Tuesday, May 22, 2012

New twist to online libel

There's a scary lawsuit going on in northern Idaho right now that might be a harbinger of things to come in Internet message boards.

First, here's the post on the Spokane Spokesman-Reviews blog, Huckleberries:
Kootenai County GOP Central Committee Chairman Tina Jacobsen has filed a lawsuit gains a Huckleberries Online commenter who goes by the pseudonym "almostinnocentbystander." The Spokesman-Review is not named as a defendant in the lawsuit. Jacobson is claiming that the anonymous commenter “committed a tort of libel by publishing, via the internet, a malicious defamation” on Huckleberries Online about Jacobson during the visit of GOP presidential candidate Rick Santorum to Coeur d'Alene in mid-February. According to the lawsuit, “almostinnocentbystander,” had commented at Huckleberries Online that “there was $10,000 missing from the Republican Central Committee funds and that the missing funds were hidden on the person of Mrs. Jacobson.” The suit goes on to say that Huckleberries blogger D.F. Oliveria removed the comment. The complaint adds that Oliveria and the Spokesman-Review refused to provide the identity of the commenter to Jacobson. The lawsuit seeks damages  from the anonymous poster for alleged libel and an injunction to prevent future acts of libel.  It is expected that, as part of the litigation, the plaintiff will seek to learn the identity of the anonymous poster.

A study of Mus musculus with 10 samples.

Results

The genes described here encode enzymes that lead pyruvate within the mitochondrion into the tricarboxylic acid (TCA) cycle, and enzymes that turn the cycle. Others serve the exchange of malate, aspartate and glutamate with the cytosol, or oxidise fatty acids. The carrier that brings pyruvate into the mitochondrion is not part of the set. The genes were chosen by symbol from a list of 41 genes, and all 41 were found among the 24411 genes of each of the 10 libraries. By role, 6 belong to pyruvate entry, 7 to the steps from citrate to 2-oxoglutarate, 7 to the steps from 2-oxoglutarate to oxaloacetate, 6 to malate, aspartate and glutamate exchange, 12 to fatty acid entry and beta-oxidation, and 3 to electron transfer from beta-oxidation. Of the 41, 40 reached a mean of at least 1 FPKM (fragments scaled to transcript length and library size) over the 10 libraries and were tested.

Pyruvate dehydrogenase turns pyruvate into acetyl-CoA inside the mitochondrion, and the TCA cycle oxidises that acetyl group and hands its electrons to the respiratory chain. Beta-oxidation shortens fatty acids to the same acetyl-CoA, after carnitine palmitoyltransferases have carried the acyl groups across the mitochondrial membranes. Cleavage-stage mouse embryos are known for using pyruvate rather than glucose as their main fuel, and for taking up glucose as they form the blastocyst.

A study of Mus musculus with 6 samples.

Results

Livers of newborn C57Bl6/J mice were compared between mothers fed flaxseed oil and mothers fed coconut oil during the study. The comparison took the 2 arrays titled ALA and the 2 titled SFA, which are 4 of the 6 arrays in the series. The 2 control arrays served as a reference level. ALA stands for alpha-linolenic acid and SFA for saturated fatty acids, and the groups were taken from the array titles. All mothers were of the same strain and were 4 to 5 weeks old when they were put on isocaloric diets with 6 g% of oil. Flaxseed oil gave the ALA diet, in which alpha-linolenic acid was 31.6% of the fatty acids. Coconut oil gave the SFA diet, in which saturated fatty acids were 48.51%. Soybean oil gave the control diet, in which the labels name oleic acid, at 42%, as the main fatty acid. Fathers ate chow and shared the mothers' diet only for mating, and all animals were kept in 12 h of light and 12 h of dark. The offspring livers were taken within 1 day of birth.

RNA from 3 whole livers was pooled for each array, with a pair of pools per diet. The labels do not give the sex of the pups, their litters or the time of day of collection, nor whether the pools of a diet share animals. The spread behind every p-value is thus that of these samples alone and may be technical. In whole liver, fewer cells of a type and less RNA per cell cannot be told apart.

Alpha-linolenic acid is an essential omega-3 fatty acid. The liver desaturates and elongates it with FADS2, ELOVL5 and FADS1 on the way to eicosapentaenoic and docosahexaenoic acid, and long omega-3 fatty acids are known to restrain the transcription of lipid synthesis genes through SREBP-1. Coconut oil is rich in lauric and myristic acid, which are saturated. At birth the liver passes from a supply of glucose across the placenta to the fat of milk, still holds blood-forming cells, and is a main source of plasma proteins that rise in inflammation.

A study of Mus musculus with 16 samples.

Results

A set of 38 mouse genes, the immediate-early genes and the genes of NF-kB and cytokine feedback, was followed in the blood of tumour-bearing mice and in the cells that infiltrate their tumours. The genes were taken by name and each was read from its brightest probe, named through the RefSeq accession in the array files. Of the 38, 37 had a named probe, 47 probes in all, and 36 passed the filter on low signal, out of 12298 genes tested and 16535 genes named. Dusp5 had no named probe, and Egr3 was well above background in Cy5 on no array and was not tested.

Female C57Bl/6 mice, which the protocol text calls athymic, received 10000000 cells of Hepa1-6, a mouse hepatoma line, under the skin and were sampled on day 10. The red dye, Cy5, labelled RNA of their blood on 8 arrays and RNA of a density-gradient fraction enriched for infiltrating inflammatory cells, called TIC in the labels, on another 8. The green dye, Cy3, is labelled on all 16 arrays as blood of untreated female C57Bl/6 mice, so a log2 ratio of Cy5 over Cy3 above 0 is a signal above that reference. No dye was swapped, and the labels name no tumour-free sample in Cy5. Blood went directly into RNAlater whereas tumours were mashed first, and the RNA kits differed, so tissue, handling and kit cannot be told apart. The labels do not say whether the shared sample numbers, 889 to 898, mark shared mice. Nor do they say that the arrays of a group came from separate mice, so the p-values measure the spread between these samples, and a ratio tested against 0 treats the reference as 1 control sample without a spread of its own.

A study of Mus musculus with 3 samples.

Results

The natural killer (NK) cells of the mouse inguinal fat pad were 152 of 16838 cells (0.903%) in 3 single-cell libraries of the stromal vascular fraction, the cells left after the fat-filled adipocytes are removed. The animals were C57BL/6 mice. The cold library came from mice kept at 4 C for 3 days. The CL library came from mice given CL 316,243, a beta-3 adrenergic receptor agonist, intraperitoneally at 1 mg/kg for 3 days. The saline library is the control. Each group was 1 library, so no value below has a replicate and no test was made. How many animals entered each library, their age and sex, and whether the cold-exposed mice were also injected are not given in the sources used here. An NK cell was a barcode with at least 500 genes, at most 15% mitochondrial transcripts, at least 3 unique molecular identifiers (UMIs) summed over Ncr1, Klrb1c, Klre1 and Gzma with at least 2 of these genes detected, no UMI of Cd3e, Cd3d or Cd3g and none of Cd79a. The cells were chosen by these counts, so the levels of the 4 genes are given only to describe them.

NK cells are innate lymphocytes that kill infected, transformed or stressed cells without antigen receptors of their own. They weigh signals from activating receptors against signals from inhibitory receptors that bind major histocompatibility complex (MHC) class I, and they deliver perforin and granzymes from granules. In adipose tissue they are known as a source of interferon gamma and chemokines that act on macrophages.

Numerous court cases over recent years have found that web sites cannot be held liable for comments made by anonymous posters. This lawsuit takes something of a different tack, asking the newspaper to reveal the name of the poster, apparently so the plaintiff can then go after that person in a libel tort.

I have little sympathy for web sites, including those hosted by newspapers, that allow anonymous posts. Anonymity removes accountability from the process, and people are emboldened to say outrageous things. Message boards tend to degenerate into name-calling anyway, but they are worse when the participants are anonymous.

But that's not the issue here. The question the judge is being asked to decide is whether the newspaper must identify the poster. On this matter, I side with the newspaper -- if the courts have found that web sites cannot be held liable for the comments of anonymous posters, then it should follow that the owners of web sites shouldn't have to provide the names of those posters (in many cases, I suspect, the newspaper or other web site host doesn't know the identities anyway).